There’s been a paradigm shift in Sino-Nepal ties, thanks to increasing people-to-people contact between the two neighbours, reports Anirban Roy.
Hindustan Times | By Anirban Roy, Kathmandu
UPDATED ON JAN 30, 2009 11:48 PM IST

There’s been a paradigm shift in Sino-Nepal ties, thanks to increasing people-to-people contact between the two neighbours. And the change has been discernibly evident over the past year or so. The Chinese have gradually acquired several budget hotels in Thamel, Kathmandu’s central tourist district city. At least two dozen hotels — largely aimed at pilgrim tourists and business travellers — have sprung up in Kathmandu.

Beijing Hotel and Gangzhong have now become an indelible part of the city’s landscape. New-age communication, too, has pronounced Chinese links. China is the preferred gateway for both international telephony and internet in Nepal. Which probably explains why call rates from Nepal to China are at an all-time low (it costs less than INR 2 to call China, compared to INR 10 for a 60-second call to India).

Beijing clearly sees economic potential in Nepal. Chinese language teachers are making a beeline for Kathmandu Valley to teach Mandarin — for Nepali students, mastering the language opens up job opportunities in mainland China. “I’m learning Mandarin at the Chinese Information Centre in Kamaladi, Kathmandu. I want to work in China,” says Bhavesh Sapkota, a computer hardware professional (China is a global hub for assembly and manufacture of computer components).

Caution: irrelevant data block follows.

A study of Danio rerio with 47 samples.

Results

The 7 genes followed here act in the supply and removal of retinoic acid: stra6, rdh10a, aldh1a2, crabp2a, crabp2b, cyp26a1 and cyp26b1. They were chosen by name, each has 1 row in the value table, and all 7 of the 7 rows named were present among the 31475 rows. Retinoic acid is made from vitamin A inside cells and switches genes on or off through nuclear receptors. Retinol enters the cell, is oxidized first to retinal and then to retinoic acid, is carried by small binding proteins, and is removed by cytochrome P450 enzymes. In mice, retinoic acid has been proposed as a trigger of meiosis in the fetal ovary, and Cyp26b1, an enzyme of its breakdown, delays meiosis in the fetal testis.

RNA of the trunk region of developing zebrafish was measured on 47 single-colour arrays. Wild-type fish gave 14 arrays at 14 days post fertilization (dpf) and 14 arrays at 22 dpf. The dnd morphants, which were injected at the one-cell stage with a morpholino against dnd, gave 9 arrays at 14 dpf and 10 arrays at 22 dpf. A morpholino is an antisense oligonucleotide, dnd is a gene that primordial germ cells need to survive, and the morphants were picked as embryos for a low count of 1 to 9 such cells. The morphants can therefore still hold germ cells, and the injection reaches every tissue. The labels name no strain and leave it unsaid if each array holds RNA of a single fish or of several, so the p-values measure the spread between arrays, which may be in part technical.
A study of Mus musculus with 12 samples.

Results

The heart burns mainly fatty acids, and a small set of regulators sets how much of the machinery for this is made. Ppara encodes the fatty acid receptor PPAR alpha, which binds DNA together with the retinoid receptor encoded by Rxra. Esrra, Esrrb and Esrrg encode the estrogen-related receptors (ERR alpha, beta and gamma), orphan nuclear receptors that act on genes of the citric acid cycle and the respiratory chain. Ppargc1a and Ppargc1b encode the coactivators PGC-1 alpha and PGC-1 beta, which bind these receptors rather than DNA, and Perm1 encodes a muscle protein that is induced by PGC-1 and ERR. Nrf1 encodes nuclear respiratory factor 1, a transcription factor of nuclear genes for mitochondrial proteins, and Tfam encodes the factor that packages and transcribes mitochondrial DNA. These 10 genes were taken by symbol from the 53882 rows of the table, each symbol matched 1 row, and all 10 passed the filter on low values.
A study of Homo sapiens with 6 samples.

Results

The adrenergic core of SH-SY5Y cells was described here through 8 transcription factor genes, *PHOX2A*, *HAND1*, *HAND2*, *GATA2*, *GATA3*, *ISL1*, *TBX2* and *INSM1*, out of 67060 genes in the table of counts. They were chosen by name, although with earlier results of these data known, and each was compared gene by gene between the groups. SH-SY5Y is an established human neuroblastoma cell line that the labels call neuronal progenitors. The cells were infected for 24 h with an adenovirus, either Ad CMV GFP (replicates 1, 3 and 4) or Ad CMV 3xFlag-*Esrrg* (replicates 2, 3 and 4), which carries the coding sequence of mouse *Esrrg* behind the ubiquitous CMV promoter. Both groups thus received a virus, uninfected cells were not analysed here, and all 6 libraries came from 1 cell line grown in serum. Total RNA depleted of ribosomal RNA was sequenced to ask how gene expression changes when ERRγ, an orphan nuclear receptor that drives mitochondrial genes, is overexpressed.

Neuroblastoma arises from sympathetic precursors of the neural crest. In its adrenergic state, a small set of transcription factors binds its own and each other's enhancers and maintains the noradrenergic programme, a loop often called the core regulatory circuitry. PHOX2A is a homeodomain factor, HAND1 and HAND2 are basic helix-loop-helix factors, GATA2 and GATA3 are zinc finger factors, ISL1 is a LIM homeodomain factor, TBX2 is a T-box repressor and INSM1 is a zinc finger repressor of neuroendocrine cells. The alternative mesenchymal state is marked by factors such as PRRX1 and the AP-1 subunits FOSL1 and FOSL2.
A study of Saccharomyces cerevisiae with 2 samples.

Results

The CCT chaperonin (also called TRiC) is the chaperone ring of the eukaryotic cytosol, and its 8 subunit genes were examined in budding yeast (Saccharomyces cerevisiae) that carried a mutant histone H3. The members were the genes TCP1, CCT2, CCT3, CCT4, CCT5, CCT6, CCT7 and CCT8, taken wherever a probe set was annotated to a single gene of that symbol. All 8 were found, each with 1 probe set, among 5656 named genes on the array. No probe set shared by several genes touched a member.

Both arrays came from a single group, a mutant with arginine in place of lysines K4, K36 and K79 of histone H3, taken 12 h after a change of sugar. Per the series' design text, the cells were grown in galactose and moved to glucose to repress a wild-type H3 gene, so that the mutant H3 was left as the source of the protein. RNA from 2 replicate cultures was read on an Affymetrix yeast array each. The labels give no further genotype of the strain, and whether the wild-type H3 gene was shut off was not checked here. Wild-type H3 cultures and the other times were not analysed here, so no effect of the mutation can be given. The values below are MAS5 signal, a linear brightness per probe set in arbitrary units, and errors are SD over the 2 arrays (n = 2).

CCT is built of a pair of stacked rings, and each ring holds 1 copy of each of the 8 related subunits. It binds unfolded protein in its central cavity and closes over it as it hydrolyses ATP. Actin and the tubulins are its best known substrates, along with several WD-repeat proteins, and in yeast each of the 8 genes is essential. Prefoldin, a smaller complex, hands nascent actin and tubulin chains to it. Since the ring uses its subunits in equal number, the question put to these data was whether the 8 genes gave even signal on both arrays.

Following China’s language into Kathmandu is its food. Gourmet restaurants China Palace and Beijing Duck have imported chefs, recipes and ingredients from mainland China. “Once you acquire a taste for authentic Chinese, it’s irresistible,” says Binita Shakya, a student.

The days of New Dish — a watered-down, local variant of Chinese cuisine — look numbered.

Beijing has also lent a hand to Nepal’s Maoist-led government, which is largely seen as anti-India. Recent high profile visits by the Chinese Foreign Minister and the Deputy Chief of Army Staff reinforce that belief. The goodwill visits were reportedly in exchange for Kathmandu’s help in crushing the pro-Tibet movement in the run-up to last year’s Beijing Summer Olympics.

The shared political ideology can be attributed to the funds flowing from across the border for infrastructure development in Nepal. Chinese investments in the BP Koirala Cancer Institute at Narayangarh, Chitwan district, is an example. China has also pledged assistance for construction of the Outer Ring Road on the periphery of the Kathmandu Valley, to ease traffic congestion. Beijing also plans to tap Nepal’s hydropower potential. And talks are on to extend the Beijing-Lhasa rail network to Kathmandu.

All this augurs well for members of Arniko Society, a Nepal-China friendship body, which had been largely irrelevant all these years. The lofty Himalayas cannot keep the two new friends apart any longer.